The worker statue commemorating both the triumph and tragedy of the massive World War II ordnance plant in southern Will County will get new permanent spot of honor and a rededication to the memories it symbolizes.
On June 4, the Midewin National Tallgrass Prairie will serve as host at 10 a.m. for the rededication of the statue in honor of the civilian arsenal workers killed in World War II. Elmo Younger of the Joliet Arsenal Advisory Board will be a featured speaker. The event also will acknowledge late Lorin Schab, former president of the Midewin Heritage Association. He worked to ensure the history of the arsenal is not forgotten.
The statue will be placed in a wayside exhibit on the Group 63 loop trail, which encompasses just one of the many bunker fields that were built throughout the arsenal era, along with interpretive signs that will tell the story of the Joliet Army Ammunition Plant. Visitors can meet at Iron Bridge Trailhead where they will be guided to the wayside, located at the west Group 63 loop trail and the Group 63 spur intersection.
In 1940, the United States Army acquired more than 43,000 acres in southern Will County to build a large explosives manufacturing plant, called Kankakee Ordnance Works, and an ordnance assembly plant, called and Elwood Ordnance Plant. By late 1941 the plants were in full production to support America’s efforts in World War II. There were 77 other similar plants built by the U.S. military, yet at the time of its construction, this manufacturing procurement was revered as one of the largest and most sophisticated.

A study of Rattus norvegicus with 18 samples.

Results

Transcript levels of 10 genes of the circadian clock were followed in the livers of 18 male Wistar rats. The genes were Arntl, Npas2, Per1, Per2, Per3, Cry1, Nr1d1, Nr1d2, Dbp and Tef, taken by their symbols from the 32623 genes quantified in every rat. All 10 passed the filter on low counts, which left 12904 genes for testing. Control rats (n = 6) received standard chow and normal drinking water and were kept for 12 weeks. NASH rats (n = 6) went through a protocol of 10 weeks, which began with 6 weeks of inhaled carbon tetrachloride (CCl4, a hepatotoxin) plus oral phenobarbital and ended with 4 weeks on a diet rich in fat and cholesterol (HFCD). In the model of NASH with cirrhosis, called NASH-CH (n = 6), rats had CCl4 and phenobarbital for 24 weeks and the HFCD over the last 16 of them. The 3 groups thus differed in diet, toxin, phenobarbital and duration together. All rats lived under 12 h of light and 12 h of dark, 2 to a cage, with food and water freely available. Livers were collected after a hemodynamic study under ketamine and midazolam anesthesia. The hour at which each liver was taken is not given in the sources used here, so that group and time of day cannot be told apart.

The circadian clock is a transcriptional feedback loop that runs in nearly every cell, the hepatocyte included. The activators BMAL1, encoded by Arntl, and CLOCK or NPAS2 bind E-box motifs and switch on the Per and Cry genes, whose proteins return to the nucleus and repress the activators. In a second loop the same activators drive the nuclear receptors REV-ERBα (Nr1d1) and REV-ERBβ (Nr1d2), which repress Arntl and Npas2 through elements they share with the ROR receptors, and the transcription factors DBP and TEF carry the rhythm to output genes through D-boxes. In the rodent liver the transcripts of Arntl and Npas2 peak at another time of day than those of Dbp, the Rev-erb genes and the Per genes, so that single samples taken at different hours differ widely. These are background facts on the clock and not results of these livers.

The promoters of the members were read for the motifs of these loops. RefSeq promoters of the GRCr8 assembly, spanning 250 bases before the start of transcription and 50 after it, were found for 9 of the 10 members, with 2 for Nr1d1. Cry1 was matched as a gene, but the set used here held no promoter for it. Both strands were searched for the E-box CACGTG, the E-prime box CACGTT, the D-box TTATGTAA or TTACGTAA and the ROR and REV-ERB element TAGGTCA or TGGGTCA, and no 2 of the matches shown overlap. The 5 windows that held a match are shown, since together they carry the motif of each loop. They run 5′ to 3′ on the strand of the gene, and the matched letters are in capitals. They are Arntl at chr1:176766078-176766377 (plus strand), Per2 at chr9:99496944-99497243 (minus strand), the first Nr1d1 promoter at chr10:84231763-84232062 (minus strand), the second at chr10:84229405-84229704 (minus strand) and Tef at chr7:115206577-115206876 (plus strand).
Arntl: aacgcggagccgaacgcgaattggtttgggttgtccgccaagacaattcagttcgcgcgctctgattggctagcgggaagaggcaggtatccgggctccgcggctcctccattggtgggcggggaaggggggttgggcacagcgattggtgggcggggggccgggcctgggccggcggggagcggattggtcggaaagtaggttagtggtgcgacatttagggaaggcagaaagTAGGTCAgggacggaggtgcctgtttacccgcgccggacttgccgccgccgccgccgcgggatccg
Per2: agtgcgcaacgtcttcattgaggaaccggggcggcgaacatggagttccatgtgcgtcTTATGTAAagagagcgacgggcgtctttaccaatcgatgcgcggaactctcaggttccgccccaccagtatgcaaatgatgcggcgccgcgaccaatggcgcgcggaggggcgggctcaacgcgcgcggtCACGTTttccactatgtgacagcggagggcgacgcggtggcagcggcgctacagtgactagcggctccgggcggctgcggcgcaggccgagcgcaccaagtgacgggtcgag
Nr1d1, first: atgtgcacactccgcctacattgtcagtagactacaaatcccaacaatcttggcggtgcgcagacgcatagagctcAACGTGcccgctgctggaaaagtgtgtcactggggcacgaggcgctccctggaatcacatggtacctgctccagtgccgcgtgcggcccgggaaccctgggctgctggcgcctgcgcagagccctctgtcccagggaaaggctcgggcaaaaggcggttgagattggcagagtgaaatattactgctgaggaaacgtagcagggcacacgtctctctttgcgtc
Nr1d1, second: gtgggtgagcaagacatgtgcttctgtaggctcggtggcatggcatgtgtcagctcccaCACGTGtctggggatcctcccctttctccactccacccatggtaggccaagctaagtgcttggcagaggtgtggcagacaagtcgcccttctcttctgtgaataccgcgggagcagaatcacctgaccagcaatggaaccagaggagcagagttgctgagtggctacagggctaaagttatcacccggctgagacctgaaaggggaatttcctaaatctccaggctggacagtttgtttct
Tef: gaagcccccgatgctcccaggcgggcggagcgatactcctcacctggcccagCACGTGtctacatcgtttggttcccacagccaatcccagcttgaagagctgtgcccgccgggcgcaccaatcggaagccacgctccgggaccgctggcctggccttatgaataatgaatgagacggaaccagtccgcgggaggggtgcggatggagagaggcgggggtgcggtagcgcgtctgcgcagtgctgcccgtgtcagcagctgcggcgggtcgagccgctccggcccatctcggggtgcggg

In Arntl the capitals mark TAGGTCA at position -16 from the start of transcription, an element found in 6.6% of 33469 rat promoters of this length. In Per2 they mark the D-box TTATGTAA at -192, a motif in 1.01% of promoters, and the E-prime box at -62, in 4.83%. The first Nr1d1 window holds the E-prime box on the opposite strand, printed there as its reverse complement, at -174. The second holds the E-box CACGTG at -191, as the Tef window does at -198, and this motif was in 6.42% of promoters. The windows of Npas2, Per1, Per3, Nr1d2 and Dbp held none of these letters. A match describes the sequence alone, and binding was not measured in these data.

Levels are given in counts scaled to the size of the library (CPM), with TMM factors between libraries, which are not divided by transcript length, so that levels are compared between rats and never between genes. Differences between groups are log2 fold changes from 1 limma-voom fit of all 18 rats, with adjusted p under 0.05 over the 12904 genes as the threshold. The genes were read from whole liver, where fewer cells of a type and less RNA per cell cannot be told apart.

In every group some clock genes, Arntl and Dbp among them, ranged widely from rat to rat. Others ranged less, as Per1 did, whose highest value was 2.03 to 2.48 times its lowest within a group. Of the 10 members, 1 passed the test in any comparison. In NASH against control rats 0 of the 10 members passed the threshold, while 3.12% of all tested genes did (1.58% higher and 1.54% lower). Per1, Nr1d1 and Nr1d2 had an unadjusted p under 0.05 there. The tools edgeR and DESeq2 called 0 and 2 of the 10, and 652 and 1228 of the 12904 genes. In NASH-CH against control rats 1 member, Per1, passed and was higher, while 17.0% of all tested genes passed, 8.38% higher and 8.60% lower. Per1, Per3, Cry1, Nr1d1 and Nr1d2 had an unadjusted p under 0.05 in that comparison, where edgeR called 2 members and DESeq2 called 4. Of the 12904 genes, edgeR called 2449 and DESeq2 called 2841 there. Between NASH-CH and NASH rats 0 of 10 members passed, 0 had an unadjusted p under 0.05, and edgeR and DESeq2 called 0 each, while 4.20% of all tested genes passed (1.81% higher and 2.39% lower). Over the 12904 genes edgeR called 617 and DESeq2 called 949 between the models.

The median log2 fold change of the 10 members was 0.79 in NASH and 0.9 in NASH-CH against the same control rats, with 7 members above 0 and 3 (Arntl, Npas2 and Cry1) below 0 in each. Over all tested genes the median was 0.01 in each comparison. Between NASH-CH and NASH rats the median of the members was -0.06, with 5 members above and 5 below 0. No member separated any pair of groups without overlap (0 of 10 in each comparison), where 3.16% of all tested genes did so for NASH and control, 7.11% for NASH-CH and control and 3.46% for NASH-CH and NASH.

The Elwood facility loaded more than 926 million bombs, shells, mines, detonators, fuses and boosters. The Kankakee facility set a national record producing more than one billion pounds of TNT Over 20,000 mostly local residents were employed at both plants.
In the early morning hours of June 5, 1942, an explosion occurred in Load Assemble Package Group 2 of the Elwood Ordnance Plant. In the accident, 48 civilian arsenal workers died in an instant.
Subsequent accidents claimed the lives of five more workers at the plants. These two separate plants were combined in 1945 to create the Joliet Army Ammunition Plant which helped in the manufacturing of munitions for the Korean War and the Vietnam War. TNT production ceased in 1975, and the facility was declared inactive in 1976.